Ph. D. (1983) University of Maryland
Double-stranded DNA break repair in Escherichia coli
Recombineering technology for gene replacement in bacterial pathogens
My lab is interested in the dsDNA break repair mechanism in Escherichia coli. One mechanism of repair under study is the ssDNA annealing pathway promoted by the bacteriophage lambda Red recombination system. The system consist of two proteins, the ssDNA annealing Bet protein and the 5’-3’ dsDNA lambda exonuclease. These two proteins form a complex in vitro, and are thought to interact with each other in vivo. We have isolated various mutants of Bet that are deficient for recombination, some of which are likely to be incapable of binding to lambda Exo. Our work is designed to analyze the interaction of Bet with Exo to determine if the complex formation is physiologically relevant. For example, does Exo has a role in loading Bet onto single-stranded DNA? Work on this project is aimed at a biochemical description of the interaction between Bet and Exo proteins, and the interaction of the Red complex with dsDNA ends.
Another dsDNA break repair pathway we are studying is the repair of dsDNA break promoted by the RecN protein. Mutations in the recN gene render E. coli highly susceptible to DNA damaging agents that cause dsDNA breaks (X-rays, crosslinking agents). RecN is an interesting protein. It is greatly induced by SOS, the DNA damage sensing and response program of E. coli. RecN, by sequence comparisons, possesses structural features reminiscent of the SMC (structural maintenance of chromosomes) class of proteins from eukaryotes. Its actual role in DNA repair is unknown. We have constructed plasmids that can be used as substrates for detection of RecN-promoted repair events in vivo. Work on this project involves the genetics and biochemistry of RecN with DNA ends, and the interaction of RecN with other replication and repair functions of E. coli.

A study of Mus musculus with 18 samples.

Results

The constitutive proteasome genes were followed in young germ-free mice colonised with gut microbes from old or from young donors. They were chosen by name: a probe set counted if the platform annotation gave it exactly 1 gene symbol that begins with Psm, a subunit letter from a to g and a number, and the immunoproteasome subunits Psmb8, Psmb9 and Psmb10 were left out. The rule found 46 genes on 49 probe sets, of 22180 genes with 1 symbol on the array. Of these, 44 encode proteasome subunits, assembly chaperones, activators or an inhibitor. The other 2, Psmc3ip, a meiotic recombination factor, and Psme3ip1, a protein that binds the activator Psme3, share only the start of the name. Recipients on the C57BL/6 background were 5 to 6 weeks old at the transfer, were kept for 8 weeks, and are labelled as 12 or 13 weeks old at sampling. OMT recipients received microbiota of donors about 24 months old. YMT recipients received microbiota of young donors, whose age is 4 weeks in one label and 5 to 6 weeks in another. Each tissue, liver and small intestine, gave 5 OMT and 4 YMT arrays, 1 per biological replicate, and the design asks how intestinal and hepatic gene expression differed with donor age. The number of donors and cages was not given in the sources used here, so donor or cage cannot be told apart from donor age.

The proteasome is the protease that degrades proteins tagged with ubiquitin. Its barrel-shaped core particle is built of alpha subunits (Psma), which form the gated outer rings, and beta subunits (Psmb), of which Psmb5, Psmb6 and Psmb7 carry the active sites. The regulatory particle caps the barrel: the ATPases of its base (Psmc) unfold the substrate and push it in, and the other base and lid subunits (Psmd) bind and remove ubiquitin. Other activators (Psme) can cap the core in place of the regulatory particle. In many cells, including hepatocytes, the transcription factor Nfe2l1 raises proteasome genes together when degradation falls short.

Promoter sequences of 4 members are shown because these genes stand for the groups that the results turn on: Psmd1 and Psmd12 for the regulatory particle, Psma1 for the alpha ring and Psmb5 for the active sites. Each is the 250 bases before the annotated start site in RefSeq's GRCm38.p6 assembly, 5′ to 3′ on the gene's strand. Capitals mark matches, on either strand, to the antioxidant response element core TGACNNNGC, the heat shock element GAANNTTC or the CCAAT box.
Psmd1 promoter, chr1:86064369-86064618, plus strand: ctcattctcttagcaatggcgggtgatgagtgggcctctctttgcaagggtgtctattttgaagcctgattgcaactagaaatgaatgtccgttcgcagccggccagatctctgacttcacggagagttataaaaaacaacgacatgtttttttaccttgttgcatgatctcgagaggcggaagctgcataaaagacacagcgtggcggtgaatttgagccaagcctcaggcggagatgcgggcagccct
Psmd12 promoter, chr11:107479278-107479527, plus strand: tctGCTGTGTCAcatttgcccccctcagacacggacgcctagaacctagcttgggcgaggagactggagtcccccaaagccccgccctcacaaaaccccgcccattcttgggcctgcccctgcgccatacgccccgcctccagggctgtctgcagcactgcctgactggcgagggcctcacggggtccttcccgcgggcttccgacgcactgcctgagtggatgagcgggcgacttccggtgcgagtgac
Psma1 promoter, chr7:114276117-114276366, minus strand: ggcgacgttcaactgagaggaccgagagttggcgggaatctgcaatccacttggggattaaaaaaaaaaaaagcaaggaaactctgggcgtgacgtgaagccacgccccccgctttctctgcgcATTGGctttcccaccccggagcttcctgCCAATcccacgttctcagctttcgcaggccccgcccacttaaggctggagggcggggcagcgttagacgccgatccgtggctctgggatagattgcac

A third avenue of research involves the use of Red recombineering technology for gene replacement in bacterial pathogens. My lab was the first to show that the lambda Red recombination system promotes gene replacement of electroporated linear DNA substrates into the Escherichia coli K-12 chromosome at a very high efficiency (Murphy, 1998). We have shown that the system is also useful in pathogenic species of E. coli, where in one experiment, five pathogenicity islands of enterohemorrhagic E. coli (EHEC) were easily deleted and replaced with a kanamycin marker (Murphy & Campellone, 2003). Work continues to adapt the Red recombineering technology to other bacterial pathogens such as Pseudomonas aeruginosa and Mycobacterium tuberculosis.
Proposed mechanism of Red Recombineering
Lambda Exo's 5' exonuclease activity generates ssDNA, which serves as a substrate for Bet-promoted annealing to ssDNA in the lagging strand of a replication fork. The red line in the recombinant could represent a gene deletion, a small insertion or point mutation.